I wrote the following article for the monthly newsletter of our astronomy club.

My tribute to Dr. Eugene Parker, who passed away a few days back. He was a pioneer in the studies of the Sun. His ideas were rejected initially and later gained strength on the finding of evidence. A NASA spacecraft launched in 2018 to study the Sun was named in his honor. I wrote a blog in September 2018 about the launch.

The Sun was an enigma for thousands of years. Considered as a center of power, it has a representation in the form of godly status in almost every mythology the world over. Although the sustainer of life in the form of supplying heat and light to us, we knew very little about the inner workings. It was not until the early decades of the last century that nuclear forces were discovered and the nuclear fusion reactions occurring in the Sun were explained. The nuclear fusion reactions are burning Hydrogen to generate Helium and giving out the light and heat which is sustaining life on Earth. Once the Sun runs out of Hydrogen, it will die in about 5 billion years.

The second part of the story was about how the Sun is layered. It is not just one giant ball having uniform characteristics. Like Earth has different layers from the center to the Surface, and the different characteristic features on the Surface, the Sun also consists of different layers. It certainly is a very violent place to get even close to.

The core of the Sun is the hottest at about 15 million degrees. This temperature is enough to sustain the nuclear fusion reaction. The temperature gradually reduces till the surface which is known as the photosphere. This is the place from which we receive our light and heat. The temperature there is about 5800 degrees. The outer layer of the Sun is the Corona, which is visible during a total solar eclipse. It is very hot, running into ten to twenty million degrees. It is strange that Corona, which is the outer layer, is hotter, compared to the inner photosphere.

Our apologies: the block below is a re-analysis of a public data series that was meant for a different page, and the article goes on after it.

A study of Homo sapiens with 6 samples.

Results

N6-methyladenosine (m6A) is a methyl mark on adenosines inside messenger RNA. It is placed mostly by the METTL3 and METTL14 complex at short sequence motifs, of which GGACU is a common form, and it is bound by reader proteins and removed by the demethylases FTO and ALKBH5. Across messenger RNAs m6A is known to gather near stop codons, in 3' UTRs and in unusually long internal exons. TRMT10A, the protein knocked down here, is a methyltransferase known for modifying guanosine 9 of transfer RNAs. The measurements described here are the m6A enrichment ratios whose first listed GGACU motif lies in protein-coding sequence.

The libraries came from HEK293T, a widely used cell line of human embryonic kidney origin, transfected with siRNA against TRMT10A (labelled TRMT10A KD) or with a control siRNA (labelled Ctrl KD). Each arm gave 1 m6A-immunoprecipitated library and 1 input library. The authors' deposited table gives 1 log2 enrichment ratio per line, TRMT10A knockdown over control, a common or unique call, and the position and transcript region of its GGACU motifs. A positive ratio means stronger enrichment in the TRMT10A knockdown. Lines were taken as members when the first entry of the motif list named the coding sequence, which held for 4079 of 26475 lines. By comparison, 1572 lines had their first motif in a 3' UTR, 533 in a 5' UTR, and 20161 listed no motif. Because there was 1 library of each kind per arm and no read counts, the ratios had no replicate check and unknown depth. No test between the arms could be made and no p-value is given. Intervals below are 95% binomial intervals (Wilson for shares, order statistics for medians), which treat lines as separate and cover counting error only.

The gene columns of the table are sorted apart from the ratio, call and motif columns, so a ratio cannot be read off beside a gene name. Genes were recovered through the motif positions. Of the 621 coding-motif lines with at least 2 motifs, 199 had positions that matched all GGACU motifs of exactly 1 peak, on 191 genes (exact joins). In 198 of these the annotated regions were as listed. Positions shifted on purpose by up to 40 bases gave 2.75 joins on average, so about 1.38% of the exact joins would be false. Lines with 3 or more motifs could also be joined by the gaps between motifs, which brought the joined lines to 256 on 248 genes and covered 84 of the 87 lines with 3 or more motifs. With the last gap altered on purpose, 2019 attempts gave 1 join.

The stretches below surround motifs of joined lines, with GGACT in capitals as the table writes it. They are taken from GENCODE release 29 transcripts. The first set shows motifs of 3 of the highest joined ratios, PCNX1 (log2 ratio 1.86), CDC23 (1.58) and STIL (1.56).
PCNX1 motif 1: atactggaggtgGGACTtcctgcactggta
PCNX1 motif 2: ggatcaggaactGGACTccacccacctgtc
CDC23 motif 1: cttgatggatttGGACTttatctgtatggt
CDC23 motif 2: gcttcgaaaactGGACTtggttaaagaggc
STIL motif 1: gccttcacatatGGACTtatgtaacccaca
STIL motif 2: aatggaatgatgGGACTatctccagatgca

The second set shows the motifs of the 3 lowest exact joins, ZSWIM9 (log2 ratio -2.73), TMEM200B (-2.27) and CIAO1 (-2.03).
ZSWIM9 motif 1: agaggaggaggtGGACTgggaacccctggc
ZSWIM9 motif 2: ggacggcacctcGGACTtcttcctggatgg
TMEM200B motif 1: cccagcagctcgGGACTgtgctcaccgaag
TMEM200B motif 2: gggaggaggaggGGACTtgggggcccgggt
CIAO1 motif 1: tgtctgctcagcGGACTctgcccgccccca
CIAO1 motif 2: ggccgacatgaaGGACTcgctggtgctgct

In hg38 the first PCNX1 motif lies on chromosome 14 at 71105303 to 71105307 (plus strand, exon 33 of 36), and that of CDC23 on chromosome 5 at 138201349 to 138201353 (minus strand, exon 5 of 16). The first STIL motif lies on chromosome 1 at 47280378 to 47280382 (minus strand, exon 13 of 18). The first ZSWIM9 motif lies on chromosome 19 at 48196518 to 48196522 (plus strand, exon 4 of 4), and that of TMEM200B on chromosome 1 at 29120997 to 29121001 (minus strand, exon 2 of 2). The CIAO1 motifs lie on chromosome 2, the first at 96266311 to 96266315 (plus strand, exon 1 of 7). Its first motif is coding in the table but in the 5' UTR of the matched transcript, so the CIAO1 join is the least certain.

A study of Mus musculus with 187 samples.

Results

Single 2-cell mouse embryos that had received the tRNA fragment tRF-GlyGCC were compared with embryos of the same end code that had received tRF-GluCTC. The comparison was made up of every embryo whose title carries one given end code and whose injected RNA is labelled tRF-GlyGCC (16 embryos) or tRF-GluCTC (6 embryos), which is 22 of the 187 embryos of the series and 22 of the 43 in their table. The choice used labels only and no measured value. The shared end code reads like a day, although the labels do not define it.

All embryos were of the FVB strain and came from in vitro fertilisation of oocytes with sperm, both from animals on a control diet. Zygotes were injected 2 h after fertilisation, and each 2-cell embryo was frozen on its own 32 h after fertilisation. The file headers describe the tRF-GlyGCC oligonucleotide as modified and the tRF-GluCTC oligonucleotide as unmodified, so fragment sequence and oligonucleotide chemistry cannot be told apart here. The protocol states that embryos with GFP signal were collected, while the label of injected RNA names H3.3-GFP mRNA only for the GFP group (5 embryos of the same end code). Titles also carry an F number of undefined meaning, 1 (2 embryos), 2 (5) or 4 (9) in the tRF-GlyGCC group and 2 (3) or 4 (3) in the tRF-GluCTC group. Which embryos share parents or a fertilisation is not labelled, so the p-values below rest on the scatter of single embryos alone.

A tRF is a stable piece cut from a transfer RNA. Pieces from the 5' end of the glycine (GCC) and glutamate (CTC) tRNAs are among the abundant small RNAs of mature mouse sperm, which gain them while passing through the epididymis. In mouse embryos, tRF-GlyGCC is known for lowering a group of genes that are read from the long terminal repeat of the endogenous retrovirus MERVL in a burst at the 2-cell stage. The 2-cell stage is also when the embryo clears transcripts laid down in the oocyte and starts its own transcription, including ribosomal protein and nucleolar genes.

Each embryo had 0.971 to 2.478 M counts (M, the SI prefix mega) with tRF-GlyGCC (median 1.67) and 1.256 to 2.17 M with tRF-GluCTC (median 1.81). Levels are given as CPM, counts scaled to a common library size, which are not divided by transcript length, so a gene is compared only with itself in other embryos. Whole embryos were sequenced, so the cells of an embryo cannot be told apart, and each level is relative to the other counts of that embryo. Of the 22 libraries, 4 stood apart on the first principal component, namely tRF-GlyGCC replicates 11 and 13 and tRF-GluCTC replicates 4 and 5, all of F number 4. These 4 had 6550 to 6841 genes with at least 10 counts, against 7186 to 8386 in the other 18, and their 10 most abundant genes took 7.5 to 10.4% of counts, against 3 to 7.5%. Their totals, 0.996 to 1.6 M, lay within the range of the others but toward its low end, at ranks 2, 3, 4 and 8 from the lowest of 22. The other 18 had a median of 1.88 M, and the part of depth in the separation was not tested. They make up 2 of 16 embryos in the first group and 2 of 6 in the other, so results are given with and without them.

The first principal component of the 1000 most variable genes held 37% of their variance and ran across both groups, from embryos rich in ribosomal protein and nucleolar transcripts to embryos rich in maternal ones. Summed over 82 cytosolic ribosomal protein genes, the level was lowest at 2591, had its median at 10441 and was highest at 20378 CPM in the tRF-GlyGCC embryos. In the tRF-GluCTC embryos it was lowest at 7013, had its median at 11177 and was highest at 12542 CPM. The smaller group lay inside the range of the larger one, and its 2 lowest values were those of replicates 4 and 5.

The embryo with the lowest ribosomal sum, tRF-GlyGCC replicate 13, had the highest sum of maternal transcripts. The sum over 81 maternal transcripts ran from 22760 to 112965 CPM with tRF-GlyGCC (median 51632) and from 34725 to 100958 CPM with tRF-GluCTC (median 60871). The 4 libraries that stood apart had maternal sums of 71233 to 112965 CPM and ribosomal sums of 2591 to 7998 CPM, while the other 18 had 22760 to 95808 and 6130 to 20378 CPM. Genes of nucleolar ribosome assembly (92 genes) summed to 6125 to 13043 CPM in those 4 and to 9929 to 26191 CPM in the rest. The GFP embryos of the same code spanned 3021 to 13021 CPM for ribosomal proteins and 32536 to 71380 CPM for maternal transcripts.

In addition to the light and heat, the Sun also gives out charged particles, which are a mix of electrons and protons which shoot out at high speeds. Dr. Parker’s crucial insight was that this flow of particles would follow the same dynamics as the water and gasses from a comet, which do not really form a tail, but move in a direction away from the Sun.  The calculations showed that the flow started slow near the sun and accelerated to supersonic speeds as it moved away. This is also known as the solar wind.

We don’t feel the solar wind on the Earth because the magnetic field of the Earth deflects the wind away. The winds can be observed as northern and southern lights in the sky closer to the poles.  Without this protection, there would be no life on Earth. Sometimes the winds are very intense and have the potential to destroy electronics in satellites in space and on Earth. Earth’s magnetism plays a crucial role other than helping us navigate using compasses on the ground.

Just using conventional physics of Maxwell’s equations (formulated by James Clerk Maxwell), Dr. Parker was able to postulate the existence of solar winds. But back in the 1950s, the scientific community was very skeptical. His paper was published after Dr. Chandrasekhar Subrahmanyan, a colleague and an Editor from University of Chicago, intervened on his behalf and overrode the objections, although he himself was skeptical  too. Earlier, Dr. Subrahmanyan helped Dr. Parker to find a job. Four years later, Dr. Parker was vindicated when Mariner 2, a NASA spacecraft en route to Venus, observed energetic particles streaming through interplanetary space. Now solar wind is a scientific fact.

In 1972, Dr. Parker proposed that a multitude of tiny solar flares were heating the corona and causing it to be hotter than the inner layers. To confirm this and study the Sun in detail, a NASA space probe named in Dr. Parker’s honor was launched in 2018. That study being done in the Sun’s neighborhood at 4 million miles away, is still work in progress.

My respects to Dr. Parker who has enhanced our understanding of the Sun and the hope is that his namesake which is still out there closer to the Sun will add more so.


Navneet Bakshi
1 month ago

It needs a lot of passion, deep study, and knowledge to do research on so obscure subjects. Any research connected to Astronomy comes into that category. There are thousands of such scientists who spend all their life for trying to know something about the vast cosmos which is so enigmatic. Thanks for enlightening post Prasad Ji.